United States: Trustee Litigation Trend: Tuition Clawback

"An investment in knowledge always pays the best interest." Benjamin Franklin, The Way to Wealth: Ben Franklin on Money and Success (1758). For parents paying their adult child's college education costs, however, this investment may not be worth (to them) the cost of tuition — at least according to some bankruptcy courts. With increasing frequency, chapter 7 trustees are looking to insolvent parents as well as colleges and universities to avoid and recover for estate creditors payments made by insolvent debtors for the benefit of the debtors' dependents. These cases are premised on the theory that the tuition payments being made by insolvent parents for the benefit of their children are avoidable as constructively fraudulent transfers because the parents do not receive reasonably equivalent value in exchange for the payment of such tuition. The principal issue in these cases is whether the payment of a child's tuition provides reasonably equivalent value to the insolvent parents. Courts are divided, with some holding that parents do receive reasonably equivalent value for the tuition payments and others holding that the parents do not. The courts that find reasonably equivalent value do so by finding economic value conferred upon the parents. See, e.g., Sikirica v. Cohen (In re Cohen), 2012 Bankr. LEXIS 5097 28-29 (Bankr. W.D. Pa. 2012); see also, DeGiacomo v. Sacred Heart Univ., Inc. (In re Palladino), 556 B.R. 10 (Bankr. D. Mass. 2016). In contrast, the courts that do not find reasonably equivalent value do so based on the absence of legal responsibility on the part of the parents to educate their child. See, e.g., Gold v. Marquette Univ. (In re Leonard), 454 B.R. 444 (Bankr. E.D. Mich. 2011); see also, Banner v. Lindsay (In re Lindsay), 2010 Bankr. LEXIS 1554 (Bankr. S.D.N.Y. 2010). Recent decisions in the Second Circuit adopt the reasoning of the latter line of decisions and hold that the value analysis turns whether there is a legal obligation to educate. See, e.g., Mangan v. Univ. of Conn. (In re Hamadi), 597 B.R. 67 (Bankr. D. Conn. 2019); Pergament v. Brooklyn Law Sch. (In re Adamo), 595 B.R. 6 (E.D.N.Y. 2019); In re Sterman, 594 B.R. 229 (Bankr. S.D.N.Y. 2018). Another issue that arises in tuition clawback litigation cases, particularly where the universities are defendants, is whether, and to what extent, the educational institutions may be considered initial transferees or mere conduits.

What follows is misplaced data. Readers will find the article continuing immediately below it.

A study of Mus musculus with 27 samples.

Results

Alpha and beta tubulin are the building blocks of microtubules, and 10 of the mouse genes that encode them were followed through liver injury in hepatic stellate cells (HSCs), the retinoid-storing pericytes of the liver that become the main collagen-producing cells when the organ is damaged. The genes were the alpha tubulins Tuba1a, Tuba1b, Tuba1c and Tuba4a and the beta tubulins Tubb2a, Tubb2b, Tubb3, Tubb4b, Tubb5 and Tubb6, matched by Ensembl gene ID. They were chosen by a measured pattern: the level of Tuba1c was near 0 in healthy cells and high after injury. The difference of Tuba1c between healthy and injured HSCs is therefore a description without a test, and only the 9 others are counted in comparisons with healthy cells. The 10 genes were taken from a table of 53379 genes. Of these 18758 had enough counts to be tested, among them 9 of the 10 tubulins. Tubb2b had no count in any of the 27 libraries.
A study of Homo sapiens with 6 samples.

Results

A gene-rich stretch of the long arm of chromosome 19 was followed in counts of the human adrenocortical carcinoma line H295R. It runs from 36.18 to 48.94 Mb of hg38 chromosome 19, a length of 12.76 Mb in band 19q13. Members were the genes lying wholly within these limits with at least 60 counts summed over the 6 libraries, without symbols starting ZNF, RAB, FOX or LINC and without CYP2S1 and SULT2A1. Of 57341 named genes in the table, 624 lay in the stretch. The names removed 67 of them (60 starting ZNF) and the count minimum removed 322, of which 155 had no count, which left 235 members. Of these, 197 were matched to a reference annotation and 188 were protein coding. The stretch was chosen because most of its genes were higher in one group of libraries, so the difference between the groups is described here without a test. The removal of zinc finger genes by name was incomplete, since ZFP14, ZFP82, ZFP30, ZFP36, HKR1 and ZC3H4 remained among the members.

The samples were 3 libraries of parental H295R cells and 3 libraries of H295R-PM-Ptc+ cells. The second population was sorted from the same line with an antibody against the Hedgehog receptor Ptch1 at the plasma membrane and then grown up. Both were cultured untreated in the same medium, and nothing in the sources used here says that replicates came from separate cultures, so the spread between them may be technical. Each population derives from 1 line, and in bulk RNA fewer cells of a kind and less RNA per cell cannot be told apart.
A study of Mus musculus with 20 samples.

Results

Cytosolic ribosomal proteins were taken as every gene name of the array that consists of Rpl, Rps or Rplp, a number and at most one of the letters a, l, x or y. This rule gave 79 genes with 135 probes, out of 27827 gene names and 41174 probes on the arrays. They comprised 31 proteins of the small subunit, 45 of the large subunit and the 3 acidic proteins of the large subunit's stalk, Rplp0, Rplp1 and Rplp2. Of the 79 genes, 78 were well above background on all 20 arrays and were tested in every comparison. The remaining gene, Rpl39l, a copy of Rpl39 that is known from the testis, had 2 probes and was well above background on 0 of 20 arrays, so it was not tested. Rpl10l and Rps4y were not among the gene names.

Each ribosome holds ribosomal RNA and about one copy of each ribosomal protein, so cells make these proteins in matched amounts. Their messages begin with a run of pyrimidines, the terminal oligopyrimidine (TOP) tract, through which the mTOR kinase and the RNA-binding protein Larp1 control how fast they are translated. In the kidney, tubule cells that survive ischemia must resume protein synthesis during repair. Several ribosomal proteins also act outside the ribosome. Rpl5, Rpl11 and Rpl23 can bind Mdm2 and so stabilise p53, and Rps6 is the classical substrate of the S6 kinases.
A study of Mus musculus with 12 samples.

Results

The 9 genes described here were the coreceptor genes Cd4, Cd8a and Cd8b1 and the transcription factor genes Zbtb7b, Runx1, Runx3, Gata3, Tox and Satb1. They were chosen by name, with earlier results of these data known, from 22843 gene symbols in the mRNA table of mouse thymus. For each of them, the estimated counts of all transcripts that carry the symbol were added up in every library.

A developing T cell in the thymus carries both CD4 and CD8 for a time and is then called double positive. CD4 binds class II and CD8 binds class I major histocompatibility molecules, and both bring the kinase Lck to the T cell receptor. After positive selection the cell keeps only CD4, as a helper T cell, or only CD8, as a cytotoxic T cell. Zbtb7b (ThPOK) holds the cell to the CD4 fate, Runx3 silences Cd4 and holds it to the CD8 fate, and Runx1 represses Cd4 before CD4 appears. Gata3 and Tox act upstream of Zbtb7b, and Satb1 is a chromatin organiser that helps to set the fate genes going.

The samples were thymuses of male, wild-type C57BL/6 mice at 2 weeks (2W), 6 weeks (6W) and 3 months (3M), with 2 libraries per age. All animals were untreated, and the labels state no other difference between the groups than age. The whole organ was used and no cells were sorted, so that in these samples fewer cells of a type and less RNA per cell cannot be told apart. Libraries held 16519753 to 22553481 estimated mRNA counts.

Tuition Payments As Constructively Fraudulent Transfers

Section 548(a)(1)(B) of the Bankruptcy Code empowers a trustee to avoid a transfer of an interest in property of the debtor under a constructive fraud theory to set aside transactions that improperly deplete a debtor's estate. See, 11 U.S.C. §548(a)(1)(B). A constructive fraudulent transfer has two basic elements: 1) whether reasonably equivalent value was received by the debtor; and 2) insolvency. The Bankruptcy Code does not define "reasonably equivalent value"; however, the term "value" is defined and is given an economic meaning. Specifically, the Bankruptcy Code provides that "value" means "property, or satisfaction or securing of a present or antecedent debt of the debtor, but ... not ... an unperformed promise to furnish support to the debtor or to a relative of the debtor." 11 U.S.C. §548(d)(2)(A). Similarly, courts have held that bonds of love and affection do not constitute reasonably equivalent value. See, e.g., Harris v. Burrell (In re Burrell), 159 B.R. 365, 370 (Bankr. M.D. Ga. 1993); see also, Kramer v. Mahia (In re Khan), 2015 U.S. LEXIS 133241 42 (E.D.N.Y. 2015). Whether the debtor received "reasonably equivalent value" is unique in the tuition clawback cases because when a parent pays tuition of a child, the child receives the direct benefits of an education, a degree, and eventual employment. Thus, it must be determined whether: 1) the parent receives any value at all for paying tuition for an adult child; and 2) whether that value constitutes "reasonably equivalent value." The courts that have examined the issue have considered whether the parents had a legal obligation to provide financial support or an education for their children as dispositive of value being provided.

Equivalent Value

Tuition payments made to or for the benefit of an adult child may change the analysis and may be deemed to be less than reasonably equivalent value. Last year, the Bankruptcy Court for the Southern District of New York rejected the debtor-parents' argument that they received an economic benefit from paying the education costs of their adult children because paying for an adult child to obtain an undergraduate degree will enhance such child's financial wellbeing which will in turn confer an economic benefit on the parents. See, Sterman, 594 B.R. 229. In Sterman, the bankruptcy court held that such asserted economic benefit did not constitute value under the New York Debtor Creditor Law or the Bankruptcy Code. The court in Sterman explained that arriving at this value conclusion was not a simple matter. 594 B.R. 229, 236. In contrast, tuition payments made to or for the benefit of minor children differ in that the parents satisfy their legal obligation to educate their child and in doing so they received reasonably equivalent value and fair consideration. The age of majority is determined by applicable state law and, therefore, a different result may have been reached had the facts of Sterman been governed by Connecticut law, providing that the age of majority is 18 as opposed to New York law under which the age of majority is 21. 594 B.R. 229, 236.